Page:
Quite possibly the grossest thing

No one ever said farming or homesteading are glamorous occupations. Everyone expects it to be dirty, right? Muddy? Sometimes stinky?

Well I’ve dealt with some things in the past two years that are grosser than even I – and I spend my free time reading farming books and magazines – had come to expect. There’s poop, and a lot of it (and it’s stinkier than you’d think). There’s a lot of touching and squishing bugs with your bare fingers. I’ve even had to dispose of gnawed-on-parts of a predated chicken corpse or two. Whatever. I’ve known for years that the only time I can get a manicure is when I’m going on vacation for a week.

But this might top it all. Stop right here if you’re squeamish.

I mean it!

My three red hens and Joseph the Rooster have poultry lice. And NO, thank God these are NOT COMMUNICABLE TO HUMANS!!! That was the FIRST thing I checked, thinking I might just have to burn down the coop and their paddock and the house and anything that had ever come in contact with a chicken ever. Apparently these lice live on feather dust and will die shortly if separated from a hen. So, whew.

But still revolting. Go google some pictures of them. I mean, if you really, really don’t want to hold onto your breakfast.

I only found out because I was looking at my hens’ butts – you know, like farmers do – on a tip from a friend to see if I could ID which of the three ladies was being a slacker and had stopped laying a couple months ago (thanks OFG!). I parted the feathers around the first hen’s vent area, and it was like watching the cockroach tide recede after switching on a light in a New York City slum basement at midnight after a sewage spill. They were legion. And they seethed.

I may have shouted out a few cusswords and dropped the poor hen. When I got control of my gagging I may have yelled “You have GOT to be effing KIDDING me!” Or something a lot less ladylike than that.

Much googling later, I am now a poultry lice expert. Poultry lice are brought in by wild birds. They flourish on birds that cannot groom themselves – birds with injuries or trimmed beaks. (Yes, yet another reason to revile this inhumane practice!). They don’t spread disease, but can irritate the birds terribly. (Perhaps this is the reason Ms. Slacker isn’t laying?) Thankfully, I saw no signs of poultry lice on the hens in the chicken tractor.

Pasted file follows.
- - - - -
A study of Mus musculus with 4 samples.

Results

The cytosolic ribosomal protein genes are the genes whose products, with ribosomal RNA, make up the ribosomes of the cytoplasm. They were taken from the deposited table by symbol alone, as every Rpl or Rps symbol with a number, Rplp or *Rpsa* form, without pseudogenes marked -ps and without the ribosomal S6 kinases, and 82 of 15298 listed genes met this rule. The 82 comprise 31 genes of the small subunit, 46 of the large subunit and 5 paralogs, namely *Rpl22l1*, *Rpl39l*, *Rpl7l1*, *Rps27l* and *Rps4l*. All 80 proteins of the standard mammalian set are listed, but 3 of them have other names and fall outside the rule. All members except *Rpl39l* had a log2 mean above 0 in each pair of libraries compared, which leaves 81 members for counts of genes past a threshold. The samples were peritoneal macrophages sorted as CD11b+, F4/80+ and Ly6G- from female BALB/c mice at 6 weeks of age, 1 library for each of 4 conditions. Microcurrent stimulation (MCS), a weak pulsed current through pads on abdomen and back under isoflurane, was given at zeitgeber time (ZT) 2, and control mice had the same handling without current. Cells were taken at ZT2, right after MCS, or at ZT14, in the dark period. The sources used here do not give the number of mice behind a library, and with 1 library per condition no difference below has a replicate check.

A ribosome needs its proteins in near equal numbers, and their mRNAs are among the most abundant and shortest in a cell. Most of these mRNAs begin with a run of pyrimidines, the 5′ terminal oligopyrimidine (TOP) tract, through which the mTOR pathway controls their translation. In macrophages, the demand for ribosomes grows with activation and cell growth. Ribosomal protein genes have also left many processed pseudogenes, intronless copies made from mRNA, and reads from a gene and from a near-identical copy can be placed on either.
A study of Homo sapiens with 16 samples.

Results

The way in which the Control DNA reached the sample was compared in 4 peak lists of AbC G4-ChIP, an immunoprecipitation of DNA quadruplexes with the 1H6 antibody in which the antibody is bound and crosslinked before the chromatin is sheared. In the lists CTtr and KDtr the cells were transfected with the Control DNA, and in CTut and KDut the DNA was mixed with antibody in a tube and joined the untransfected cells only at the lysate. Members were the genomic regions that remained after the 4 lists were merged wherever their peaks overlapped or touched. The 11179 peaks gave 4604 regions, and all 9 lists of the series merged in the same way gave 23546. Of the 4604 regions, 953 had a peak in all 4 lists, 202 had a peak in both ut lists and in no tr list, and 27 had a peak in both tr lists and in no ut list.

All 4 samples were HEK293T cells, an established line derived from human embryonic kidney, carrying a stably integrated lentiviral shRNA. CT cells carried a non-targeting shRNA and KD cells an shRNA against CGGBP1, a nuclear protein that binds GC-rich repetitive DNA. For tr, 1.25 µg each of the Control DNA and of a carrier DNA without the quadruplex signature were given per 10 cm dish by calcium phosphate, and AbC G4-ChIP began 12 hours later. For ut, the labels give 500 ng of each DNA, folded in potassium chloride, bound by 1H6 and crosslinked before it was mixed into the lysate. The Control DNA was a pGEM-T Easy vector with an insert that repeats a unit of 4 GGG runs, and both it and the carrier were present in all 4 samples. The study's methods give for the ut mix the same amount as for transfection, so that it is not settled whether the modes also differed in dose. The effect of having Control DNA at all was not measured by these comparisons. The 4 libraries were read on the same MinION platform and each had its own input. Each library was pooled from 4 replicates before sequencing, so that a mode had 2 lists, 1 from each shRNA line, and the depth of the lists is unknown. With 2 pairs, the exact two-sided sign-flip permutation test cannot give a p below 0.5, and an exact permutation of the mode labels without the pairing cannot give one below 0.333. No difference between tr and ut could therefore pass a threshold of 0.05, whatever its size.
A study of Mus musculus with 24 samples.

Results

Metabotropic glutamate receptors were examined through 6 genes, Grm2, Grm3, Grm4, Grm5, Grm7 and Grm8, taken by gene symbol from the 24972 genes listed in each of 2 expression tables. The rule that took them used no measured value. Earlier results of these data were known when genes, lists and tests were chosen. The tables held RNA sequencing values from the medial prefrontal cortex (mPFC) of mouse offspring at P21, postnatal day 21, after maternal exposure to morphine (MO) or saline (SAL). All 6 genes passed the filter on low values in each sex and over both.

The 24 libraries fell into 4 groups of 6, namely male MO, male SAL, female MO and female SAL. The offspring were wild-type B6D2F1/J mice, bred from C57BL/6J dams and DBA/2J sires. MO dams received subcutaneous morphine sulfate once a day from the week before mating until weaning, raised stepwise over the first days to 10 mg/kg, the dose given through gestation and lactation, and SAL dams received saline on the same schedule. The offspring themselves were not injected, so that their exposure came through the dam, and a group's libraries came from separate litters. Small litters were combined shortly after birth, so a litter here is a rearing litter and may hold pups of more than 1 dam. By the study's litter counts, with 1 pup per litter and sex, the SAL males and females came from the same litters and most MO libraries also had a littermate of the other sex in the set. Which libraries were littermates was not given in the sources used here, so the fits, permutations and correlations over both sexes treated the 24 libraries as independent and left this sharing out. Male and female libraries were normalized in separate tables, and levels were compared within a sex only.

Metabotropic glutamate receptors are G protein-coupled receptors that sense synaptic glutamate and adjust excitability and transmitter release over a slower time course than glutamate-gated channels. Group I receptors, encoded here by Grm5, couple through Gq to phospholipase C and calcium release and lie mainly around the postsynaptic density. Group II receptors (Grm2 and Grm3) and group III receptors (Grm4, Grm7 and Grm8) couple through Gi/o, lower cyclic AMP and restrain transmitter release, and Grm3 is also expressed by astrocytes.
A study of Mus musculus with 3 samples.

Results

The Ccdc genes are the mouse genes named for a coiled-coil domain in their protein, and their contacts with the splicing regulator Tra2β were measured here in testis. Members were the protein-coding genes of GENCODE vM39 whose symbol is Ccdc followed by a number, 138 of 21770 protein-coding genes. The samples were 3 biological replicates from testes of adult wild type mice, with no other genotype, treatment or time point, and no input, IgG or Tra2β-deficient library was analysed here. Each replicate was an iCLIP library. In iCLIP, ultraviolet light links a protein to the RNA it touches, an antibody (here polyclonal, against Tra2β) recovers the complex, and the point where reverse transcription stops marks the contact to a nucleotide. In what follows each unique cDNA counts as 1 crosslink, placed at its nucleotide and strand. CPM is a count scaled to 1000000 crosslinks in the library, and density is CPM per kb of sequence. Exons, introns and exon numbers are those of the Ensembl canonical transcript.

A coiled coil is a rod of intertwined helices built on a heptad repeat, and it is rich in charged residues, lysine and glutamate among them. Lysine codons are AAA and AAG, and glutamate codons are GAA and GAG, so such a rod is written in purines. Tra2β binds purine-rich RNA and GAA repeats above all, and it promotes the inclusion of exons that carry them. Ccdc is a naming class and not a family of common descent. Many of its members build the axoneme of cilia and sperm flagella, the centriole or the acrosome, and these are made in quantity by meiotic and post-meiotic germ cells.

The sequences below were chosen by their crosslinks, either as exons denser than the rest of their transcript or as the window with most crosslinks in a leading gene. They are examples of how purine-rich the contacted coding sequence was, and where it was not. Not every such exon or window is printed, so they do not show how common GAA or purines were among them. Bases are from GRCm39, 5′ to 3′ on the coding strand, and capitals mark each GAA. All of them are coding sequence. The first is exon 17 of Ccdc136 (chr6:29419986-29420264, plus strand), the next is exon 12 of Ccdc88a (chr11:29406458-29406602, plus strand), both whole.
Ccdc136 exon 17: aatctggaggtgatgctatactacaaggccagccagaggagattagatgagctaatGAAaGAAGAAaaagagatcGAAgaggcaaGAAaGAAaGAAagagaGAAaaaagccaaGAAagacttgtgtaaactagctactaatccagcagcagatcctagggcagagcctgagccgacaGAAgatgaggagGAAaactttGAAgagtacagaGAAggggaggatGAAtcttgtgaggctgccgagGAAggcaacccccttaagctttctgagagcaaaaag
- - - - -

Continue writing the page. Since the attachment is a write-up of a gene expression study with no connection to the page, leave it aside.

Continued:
It turns out the solution is quite simple. I bought some Sevin (carbaryl) dust. I filled the toe of an old pantyhose with it, turned each hen upside down by the ankles (they did NOT like that!) and delicately poofed their nethers, underwings, bellies and breasts, making sure the powder got all the way down into the feather shafts. I changed all the henhouse bedding and dusted everything with more Sevin. I resisted the urge to shave my head and burn my clothes.

And I will do this every 7 days for the next 3 weeks. And all will be well. And I will have survived yet another farming milestone without actually barfing.*

* In the course of my reading though I came across some unrelated stories involving maggots. If I ever have to deal with those, I ain’t making no promises.

2 Responses to “Quite possibly the grossest thing”

  1. ohiofarmgirl Says:

    hee hee hee yep this farmin’ thang aint for the faint of heart, for sure. way to tackle the problem – especially the poofing! whoooot! and yep it might be why she isnt laying. did they have any feather loss? or just the yucky lice?

    you’re doing a great job, baby!!!
    :-)

  2. Heidi Says:

    Chickens have lice!!!? How awful. I remember the panic when those notices came home from the school: “there has been an outbreak of lice in your child’s classroom. Check and wash and sterilize EVERYTHING that may have come in contact with your student…Panic, anger and lots of money spent on the cleanups even if your child didn’t have lice…
    Does Sevin have a short half-life? What happens if the hen pecks at her feathers? How long do you have to wait after treatment before you can “harvest” the bird?
    I found a website on Sevin (granted it is about sprayed Sevin on plant crops, but you may be interested. It specifically mentions not to spray around honeybees or their foraging areas, (or let the product drift on the wind). I remember Sevin in the California news a few years ago, can’t remember the specific problem except that it may have been banned in some areas or for certain crops. (Or maybe some farm laborers were sprayed in the fields and were sueing).
    Anyway, here’s the website: http://www.entomology.umn.edu/cues/cwlb/labels/SevinSL.pdf

    Here’s another website (veterinary) backing up your treatment.
    http://ohioline.osu.edu/vme-fact/0018.html
    It also reminds you to not breathe in or swallow the Sevin and suggests the Plastic bag approach to dusting the chicken (head out of the bag) much like shaking chicken strips in bag of seasoned flour!
    in any case, be really careful handling it.